Is NoSQL the Future of Big Data?

Typically, the way Gartner and other market analysts judge adoption levels of a new technology is to assess their market shares. For example, the dollars and cents signs point to which products are losing market shares or gaining market shares, and that indicates shifts in the overall adoption or abandonment rates of any particular product or vendor.

You Can’t Just Follow the Money Trail to See Where DBs are Headed

Future of big data

In the case of NoSQL adoption (and other open source products), you can’t follow where the money’s going. You have to find out where it’s coming from and make deductions from there.

In the case of big data technologies, that isn’t so easy. Most of the strong contenders in this arena are open source. So, while individual developers can tout their numbers of downloads, this doesn’t mean that the product was ever installed or that it’s being used, or what, if anything, it’s actually being used for. Most businesses are extraordinarily hush-hush when it comes to their proprietary secrets (like whether they’re using or seeing success with Hadoop or NoSQL), for fear that they’ll tip their competitors off regarding their success, or potentially their lack of success, with big data adoption.

That’s why it’s so difficult to say with any reasonable certainty how much of the database market is shifting towards NoSQL database technologies like MongoDB, Cassandra, MarkLogic, Couchbase, and Basho. The only way to judge, since there are no market share dollars and cents signs to point the way, is to look at the paid vendors that are actually losing shares. There is no doubt that businesses are taking on new products to address their big data needs — so we can look at the major suppliers of these products and solutions and tell from there whether businesses are utilizing the “big three” (IBM, Microsoft, and Oracle) or not. If not, we can safely say they are adopting some of the many open source options available.

But You Can Look at Who’s Losing Those Market Shares

Of the big three, only one has seen an increase in revenues for their enterprise database solutions (Microsoft), and that gain is relatively minuscule (up only one point), while the other two have lost market shares in terms of revenue (to the tune of between one and six points apiece). Obviously, that’s a clear sign that businesses are using something else — but what?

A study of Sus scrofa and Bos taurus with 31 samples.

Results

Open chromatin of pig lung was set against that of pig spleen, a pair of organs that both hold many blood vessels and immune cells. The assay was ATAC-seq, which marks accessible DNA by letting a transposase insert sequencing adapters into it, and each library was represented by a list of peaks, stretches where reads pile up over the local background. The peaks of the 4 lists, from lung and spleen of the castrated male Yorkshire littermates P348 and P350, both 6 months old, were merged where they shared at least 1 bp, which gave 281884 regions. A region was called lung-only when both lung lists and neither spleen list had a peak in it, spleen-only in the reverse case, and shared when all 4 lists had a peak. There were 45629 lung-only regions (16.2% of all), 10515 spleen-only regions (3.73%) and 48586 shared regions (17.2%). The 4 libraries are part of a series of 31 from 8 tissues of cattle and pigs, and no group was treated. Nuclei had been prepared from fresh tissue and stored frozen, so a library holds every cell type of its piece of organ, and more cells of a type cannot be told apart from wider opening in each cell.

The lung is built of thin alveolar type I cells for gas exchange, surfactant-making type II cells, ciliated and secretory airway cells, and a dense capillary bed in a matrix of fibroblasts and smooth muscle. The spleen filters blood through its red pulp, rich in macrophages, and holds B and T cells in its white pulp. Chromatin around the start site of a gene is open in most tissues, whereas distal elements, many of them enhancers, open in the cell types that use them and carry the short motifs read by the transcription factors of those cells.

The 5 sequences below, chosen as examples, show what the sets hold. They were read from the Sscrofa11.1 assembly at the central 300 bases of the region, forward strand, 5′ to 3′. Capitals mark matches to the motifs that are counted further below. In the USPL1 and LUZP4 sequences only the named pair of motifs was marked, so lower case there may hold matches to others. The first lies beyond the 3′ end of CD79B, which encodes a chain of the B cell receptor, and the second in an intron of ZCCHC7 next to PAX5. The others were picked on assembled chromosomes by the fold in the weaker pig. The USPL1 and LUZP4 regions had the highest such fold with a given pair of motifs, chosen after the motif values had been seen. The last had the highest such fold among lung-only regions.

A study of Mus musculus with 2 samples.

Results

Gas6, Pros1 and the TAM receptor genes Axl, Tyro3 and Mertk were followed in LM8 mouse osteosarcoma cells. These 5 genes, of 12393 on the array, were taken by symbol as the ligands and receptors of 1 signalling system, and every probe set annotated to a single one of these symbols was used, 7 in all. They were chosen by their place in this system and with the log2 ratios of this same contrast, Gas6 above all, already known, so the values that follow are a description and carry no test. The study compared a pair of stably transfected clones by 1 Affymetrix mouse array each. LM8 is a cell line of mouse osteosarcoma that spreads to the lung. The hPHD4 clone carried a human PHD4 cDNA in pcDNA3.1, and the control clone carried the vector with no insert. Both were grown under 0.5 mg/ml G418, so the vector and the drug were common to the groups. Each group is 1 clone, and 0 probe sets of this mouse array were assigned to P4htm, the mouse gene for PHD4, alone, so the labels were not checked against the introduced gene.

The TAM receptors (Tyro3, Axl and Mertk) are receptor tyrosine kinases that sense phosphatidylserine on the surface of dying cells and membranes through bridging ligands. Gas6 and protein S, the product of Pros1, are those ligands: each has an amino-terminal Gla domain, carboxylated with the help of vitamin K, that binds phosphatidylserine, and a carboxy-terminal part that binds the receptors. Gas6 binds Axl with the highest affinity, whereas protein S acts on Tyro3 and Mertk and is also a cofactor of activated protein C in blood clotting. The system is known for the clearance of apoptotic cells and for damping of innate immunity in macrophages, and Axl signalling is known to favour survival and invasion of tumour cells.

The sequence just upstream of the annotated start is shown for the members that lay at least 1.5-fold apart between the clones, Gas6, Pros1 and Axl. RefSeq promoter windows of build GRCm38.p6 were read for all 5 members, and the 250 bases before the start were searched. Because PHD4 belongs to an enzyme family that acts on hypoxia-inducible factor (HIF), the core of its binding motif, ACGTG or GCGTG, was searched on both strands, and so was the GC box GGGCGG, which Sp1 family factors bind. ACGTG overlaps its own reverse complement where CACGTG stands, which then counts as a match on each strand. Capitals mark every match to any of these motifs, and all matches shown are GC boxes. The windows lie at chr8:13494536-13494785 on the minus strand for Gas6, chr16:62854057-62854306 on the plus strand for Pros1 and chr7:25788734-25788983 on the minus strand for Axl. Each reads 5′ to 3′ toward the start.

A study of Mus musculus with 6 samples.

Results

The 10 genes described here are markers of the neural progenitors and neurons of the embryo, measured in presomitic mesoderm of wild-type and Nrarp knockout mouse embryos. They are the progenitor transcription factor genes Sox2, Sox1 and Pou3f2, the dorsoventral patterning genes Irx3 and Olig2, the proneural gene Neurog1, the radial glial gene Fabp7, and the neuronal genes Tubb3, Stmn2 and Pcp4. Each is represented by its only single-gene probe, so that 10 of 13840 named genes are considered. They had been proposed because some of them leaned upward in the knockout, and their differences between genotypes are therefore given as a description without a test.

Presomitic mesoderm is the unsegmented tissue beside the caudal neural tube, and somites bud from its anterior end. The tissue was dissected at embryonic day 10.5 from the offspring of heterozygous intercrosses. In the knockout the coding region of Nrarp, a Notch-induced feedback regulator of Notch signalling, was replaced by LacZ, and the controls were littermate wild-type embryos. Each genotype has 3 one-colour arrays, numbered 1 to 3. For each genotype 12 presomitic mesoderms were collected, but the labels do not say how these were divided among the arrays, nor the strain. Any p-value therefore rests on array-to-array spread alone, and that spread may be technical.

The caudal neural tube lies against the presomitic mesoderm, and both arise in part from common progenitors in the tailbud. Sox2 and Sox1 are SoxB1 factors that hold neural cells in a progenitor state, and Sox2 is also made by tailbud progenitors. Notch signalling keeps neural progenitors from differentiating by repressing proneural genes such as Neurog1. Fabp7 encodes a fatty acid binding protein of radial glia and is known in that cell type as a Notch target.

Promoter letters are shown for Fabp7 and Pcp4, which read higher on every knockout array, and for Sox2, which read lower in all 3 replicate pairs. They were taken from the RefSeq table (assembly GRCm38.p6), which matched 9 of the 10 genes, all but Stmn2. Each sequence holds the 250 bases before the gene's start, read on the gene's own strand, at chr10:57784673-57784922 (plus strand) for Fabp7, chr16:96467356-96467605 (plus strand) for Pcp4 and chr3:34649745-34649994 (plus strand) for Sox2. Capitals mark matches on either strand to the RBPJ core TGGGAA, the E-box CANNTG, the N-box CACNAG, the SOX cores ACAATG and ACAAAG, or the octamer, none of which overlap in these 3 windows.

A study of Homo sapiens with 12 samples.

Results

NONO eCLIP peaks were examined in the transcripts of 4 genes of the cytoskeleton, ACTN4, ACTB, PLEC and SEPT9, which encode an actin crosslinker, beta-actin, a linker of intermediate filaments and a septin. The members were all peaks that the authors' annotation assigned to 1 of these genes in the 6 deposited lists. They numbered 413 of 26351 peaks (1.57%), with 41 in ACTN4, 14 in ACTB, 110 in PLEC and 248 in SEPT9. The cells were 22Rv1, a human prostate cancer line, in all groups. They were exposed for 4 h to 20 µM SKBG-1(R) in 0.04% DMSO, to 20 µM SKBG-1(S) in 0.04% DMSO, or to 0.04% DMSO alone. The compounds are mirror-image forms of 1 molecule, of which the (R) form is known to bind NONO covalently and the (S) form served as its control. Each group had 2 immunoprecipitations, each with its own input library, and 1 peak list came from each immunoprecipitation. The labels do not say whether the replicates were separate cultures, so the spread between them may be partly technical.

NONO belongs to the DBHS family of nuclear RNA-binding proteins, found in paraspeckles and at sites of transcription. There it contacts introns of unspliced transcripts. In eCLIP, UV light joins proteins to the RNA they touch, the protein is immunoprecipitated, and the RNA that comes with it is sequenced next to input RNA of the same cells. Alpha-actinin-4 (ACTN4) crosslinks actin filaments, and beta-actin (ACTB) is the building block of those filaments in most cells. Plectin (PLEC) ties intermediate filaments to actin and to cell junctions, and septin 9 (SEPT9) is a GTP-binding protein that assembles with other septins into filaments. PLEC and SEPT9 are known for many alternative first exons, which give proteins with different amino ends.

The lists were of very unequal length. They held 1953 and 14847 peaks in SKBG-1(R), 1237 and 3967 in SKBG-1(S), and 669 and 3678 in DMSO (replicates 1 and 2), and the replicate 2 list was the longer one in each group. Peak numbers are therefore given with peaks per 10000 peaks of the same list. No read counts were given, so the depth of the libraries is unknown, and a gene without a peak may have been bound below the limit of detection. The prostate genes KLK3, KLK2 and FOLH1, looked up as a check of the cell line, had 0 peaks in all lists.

MongoDB and Cassandra are gaining significant ground, and Gartner estimates that as much as one-quarter of the market is disappearing into these open source solutions. The trend of open source is prominent in the realm of big data. Part of the driving forces behind this trend are related to costs — even with ‘free open source’ products, companies can invest many millions in products (offloading data, data cleansing, data storage), not to mention the months or more of labor involved in taking on a big data initiative.

The Future of NoSQL and the Database

Future of big data

Will NoSQL databases freeze out the SQL solutions that have dominated the enterprise database for decades? Eventually, probably. For now, not really. Losing two points of market share is hardly cause for closing up shop in a market worth more than $40 billion.

Does this mean that proprietors who invested big in big data are slated to go belly up? In the long term, maybe. In the short term, not so much. Most businesses aren’t scrapping their old, reliable relational DBs like SQL. They may not be making lots of new investments in these technologies, but they certainly aren’t abandoning the DB infrastructures that are literally the backbone of their enterprises. Instead, NoSQL options are being added to, in some cases tacked on to, the traditional enterprise data warehouses. However, in the long term, once the kinks have been worked out and the new data storage and processing infrastructures are performing well, it’s highly likely that the old proprietary way of doing things will eventually go the way of the horse and buggy, and the Walkman.